Huawei Wants To Be Mate S

For years, the term “made in China” has been somewhat derogatory, implying that the product in question is inferior. Much of the blame lies squarely on China’s shoulders thanks to their emphasis on cost, often at the expense of quality.

Known as being a telecommunications-equipment supplier to networks across the globe, Huawei was an unexpected, yet well placed, company to change this perception.

Yesterday, the Huawei unveiled the Mate S and their first foray into the smartwatch segment with the rather obviously named Watch.

These latest devices show just how far the company has progressed since they first started selling mobile phones to the South African public, both in design as well public opinion.

 

Mate S

 

While the Mate 7 placed the emphasis squarely on function and battery life, the Mate S places an emphasis on design as well as function.

 

Touch is at the heart of the Mate S, creating what Huawei calls an enhanced experience that simplifies your interaction with the device. Photos can be quickly previewed and enlarged by pressing the screen with one finger, streamlining the operations of a traditional phone. The Mate S can also be used as a scale to weigh objects, something we’re rather hesitant to try.

 

The phone is equipped with Fingerprint 2.0, an upgraded version of the advanced chip level security and one-key unlock technology pioneered in the Mate 7. Fingerprint 2.0 halves recognition speeds, with more accurate self-learning functions. It can also be used to control the notification bar, erase unread notifications, preview pictures, and hold and take phone calls. All of these options improve the one hand operation of the phone.

 

Fingerprint 2.0 and Knuckle Control 2.0 – technology first introduced in the Huawei P8 – simplifies how users switch between app operations and take screenshots. The feature offers users a new way to interact with their phone: drawing a “C” with their knuckle activates a camera, while double-clicking the screen with a knuckle records the screen in the form of a video.

 

The camera hasn’t been neglected with Huawei including a 13-megapixel rear shooter with an advanced sensor with optical image stabilisation, dual color-temp LED flash lights, and independent image signal processor camera units. There is also a professional camera mode that allows for manual adjustment of ISO, exposure compensation, exposure time, white balance and focusing, and functions such as the grid, and flash-assisted focusing.

 

Huawei knows that the selfie trend isn’t dying anytime soon and included an 8-megapixel front camera with soft, front lights.

 

“Our goal in designing the Huawei Mate S was to develop a smartphone that offers a personalised experience, rather than a commoditised one,” said Richard Yu, CEO of Huawei Consumer BG. “The Huawei Mate S is based on insights we gathered about human interaction – most notably that touch is a natural action we take to understand our world. The Huawei Mate S redefines how we incorporate touch technology into our smartphones, breaking through the conventional way of touch screen control and ushering in new imagination for human-machine interaction.”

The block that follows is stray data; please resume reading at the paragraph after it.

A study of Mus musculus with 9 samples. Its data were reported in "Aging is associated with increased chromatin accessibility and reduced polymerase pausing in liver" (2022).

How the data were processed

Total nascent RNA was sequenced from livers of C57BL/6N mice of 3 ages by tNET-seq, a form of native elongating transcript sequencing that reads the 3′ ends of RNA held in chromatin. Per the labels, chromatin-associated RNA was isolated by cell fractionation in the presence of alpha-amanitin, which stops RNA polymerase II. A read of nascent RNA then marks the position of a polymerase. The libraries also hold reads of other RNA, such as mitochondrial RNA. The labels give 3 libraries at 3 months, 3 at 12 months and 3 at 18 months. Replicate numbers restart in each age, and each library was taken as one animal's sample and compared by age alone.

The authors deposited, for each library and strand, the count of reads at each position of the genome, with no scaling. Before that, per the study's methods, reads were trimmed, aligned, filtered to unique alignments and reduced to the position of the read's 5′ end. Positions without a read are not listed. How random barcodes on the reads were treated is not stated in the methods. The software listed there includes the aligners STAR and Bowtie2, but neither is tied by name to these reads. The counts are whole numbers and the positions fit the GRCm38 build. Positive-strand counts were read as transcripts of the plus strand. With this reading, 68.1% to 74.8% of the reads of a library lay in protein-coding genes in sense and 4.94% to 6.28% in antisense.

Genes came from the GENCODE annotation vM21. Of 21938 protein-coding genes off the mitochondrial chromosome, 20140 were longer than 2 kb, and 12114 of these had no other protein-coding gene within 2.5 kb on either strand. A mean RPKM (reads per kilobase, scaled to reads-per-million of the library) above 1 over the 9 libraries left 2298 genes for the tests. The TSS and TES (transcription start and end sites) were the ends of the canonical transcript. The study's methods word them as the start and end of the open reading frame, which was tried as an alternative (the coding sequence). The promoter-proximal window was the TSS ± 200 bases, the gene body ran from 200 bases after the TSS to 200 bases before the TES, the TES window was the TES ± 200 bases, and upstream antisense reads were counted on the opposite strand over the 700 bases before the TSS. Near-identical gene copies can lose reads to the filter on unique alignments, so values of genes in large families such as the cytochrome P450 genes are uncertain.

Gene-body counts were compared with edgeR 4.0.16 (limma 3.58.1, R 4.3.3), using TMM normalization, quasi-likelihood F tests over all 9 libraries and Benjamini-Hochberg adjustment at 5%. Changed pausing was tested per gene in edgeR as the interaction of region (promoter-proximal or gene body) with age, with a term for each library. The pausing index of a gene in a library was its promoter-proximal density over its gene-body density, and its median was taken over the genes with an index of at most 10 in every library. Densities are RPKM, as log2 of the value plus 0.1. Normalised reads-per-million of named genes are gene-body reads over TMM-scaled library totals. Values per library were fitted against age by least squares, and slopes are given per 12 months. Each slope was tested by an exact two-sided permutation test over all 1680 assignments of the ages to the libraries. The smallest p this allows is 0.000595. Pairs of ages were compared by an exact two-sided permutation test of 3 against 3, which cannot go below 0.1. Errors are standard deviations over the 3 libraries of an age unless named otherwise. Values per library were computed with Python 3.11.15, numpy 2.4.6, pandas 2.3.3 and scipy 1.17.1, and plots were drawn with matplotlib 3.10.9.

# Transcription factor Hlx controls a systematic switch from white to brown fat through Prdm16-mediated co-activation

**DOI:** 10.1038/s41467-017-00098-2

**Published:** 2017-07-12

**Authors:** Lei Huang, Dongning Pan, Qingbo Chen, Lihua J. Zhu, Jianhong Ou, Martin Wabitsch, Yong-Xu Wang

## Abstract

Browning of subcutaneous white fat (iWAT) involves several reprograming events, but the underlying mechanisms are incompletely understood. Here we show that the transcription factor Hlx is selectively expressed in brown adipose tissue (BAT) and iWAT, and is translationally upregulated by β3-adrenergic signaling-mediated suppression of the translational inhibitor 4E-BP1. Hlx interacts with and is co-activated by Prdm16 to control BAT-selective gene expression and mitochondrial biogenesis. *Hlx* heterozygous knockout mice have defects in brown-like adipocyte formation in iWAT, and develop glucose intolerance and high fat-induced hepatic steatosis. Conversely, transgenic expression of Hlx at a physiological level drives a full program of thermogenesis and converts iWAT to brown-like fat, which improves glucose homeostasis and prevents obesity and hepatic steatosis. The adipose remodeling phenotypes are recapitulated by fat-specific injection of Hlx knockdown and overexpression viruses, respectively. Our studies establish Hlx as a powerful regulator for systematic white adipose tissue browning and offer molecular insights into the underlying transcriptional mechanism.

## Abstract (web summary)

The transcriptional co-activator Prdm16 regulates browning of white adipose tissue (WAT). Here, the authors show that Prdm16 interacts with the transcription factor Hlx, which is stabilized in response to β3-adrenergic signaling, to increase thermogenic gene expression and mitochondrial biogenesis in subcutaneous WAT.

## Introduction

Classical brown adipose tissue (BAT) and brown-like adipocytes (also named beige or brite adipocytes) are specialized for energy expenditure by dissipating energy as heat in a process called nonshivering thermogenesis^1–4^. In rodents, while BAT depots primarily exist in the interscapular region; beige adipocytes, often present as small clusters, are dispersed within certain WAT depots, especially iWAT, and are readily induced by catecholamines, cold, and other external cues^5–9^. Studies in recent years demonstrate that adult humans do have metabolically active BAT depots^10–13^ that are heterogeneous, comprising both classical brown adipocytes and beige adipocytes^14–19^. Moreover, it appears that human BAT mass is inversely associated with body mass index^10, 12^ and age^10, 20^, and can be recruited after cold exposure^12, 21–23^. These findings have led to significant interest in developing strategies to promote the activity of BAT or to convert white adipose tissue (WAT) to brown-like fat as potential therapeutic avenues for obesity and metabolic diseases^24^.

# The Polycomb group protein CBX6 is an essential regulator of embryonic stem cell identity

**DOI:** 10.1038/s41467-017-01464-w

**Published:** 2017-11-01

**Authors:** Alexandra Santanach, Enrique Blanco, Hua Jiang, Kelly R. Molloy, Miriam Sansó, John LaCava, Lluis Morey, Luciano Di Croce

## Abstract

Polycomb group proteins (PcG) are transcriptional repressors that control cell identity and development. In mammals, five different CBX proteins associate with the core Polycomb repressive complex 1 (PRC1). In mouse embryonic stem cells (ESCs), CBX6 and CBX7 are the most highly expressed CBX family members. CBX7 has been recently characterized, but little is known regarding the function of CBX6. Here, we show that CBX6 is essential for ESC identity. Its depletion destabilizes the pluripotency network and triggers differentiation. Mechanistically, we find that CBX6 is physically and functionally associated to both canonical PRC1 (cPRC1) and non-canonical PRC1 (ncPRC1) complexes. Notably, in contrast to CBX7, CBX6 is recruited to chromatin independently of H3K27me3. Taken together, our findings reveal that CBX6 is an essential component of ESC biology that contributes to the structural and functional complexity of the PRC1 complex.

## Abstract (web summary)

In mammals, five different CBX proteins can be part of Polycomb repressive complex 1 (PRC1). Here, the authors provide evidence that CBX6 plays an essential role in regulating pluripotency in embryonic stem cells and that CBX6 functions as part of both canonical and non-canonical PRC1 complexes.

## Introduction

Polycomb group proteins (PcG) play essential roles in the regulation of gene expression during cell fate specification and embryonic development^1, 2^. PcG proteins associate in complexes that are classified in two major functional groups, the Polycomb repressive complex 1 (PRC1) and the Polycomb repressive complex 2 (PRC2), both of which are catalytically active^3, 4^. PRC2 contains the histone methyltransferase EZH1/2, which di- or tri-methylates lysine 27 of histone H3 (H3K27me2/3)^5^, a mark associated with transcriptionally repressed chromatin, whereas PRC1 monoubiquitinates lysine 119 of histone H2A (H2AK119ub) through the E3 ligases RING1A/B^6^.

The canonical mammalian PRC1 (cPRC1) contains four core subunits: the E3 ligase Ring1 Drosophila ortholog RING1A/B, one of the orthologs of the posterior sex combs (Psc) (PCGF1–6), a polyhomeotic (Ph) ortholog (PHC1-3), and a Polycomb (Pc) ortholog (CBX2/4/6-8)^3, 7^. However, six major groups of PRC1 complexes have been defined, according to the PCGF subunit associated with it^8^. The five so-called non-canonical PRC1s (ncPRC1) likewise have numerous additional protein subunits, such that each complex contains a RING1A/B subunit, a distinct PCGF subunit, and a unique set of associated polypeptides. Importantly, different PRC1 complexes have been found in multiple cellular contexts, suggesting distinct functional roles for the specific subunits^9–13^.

With a 5.5-inch display and redesigned body, the Mate S seems like a winner on paper.

Keep an eye out for our hands on review when the Mate S reaches South African shores.

 

The Mate S will be initially available in more than 30 countries including China, France, Germany, Israel, Japan, Spain, South Africa and UAE.

 

Pricing and exact release dates have not yet been confirmed.

 

 

Huawei Watch


 

The Huawei Watch is the Chinese company’s first foray into the smartwatch field and we have to say, this is a beautiful device.

 

Smartwatches are arguably the most personal of all our connected devices, keeping this in mind; Huawei crafted a watch for the fashion conscious consumer.

 

The Huawei Watch features a fully circular 1.4-inch touch-sensitive AMOLED display, coated in scratchproof sapphire crystal and a cold-forged stainless steel frame.

 

Unlike the Apple Watch and the newly announced Moto 360 2, Huawei’s watch is only available in one size, 42mm, how this will fare on those with smaller wrists remains to be seen.

 

The watch comes in a three different colours including rose gold, stainless steel and black and the ability to select from a variety of bespoke watch face designs.

 

There is also a choice of straps including stainless steel mesh, stainless steel links, rose gold, and black-plated stainless steel links, and brown and black leather. Huawei says that the straps are easy to change and users can fit any watchstrap with 18mm width lug interface.

The Huawei watch has a heart rate sensor to measures heart rate and 6-axis motion sensor, which can track activities including walking, running, cycling and mountain climbing. It is also able to download music for offline playback via Bluetooth, which can also link up to wireless headphones.

 

The watch is powered by the latest version of Android Wear, which for the first time supports both Android and iOS devices, and packs in a 300mAh battery and 512MB RAM.

 

Unfortunately, Huawei has not confirmed whether or not they will bring their smartwatch to South Africa.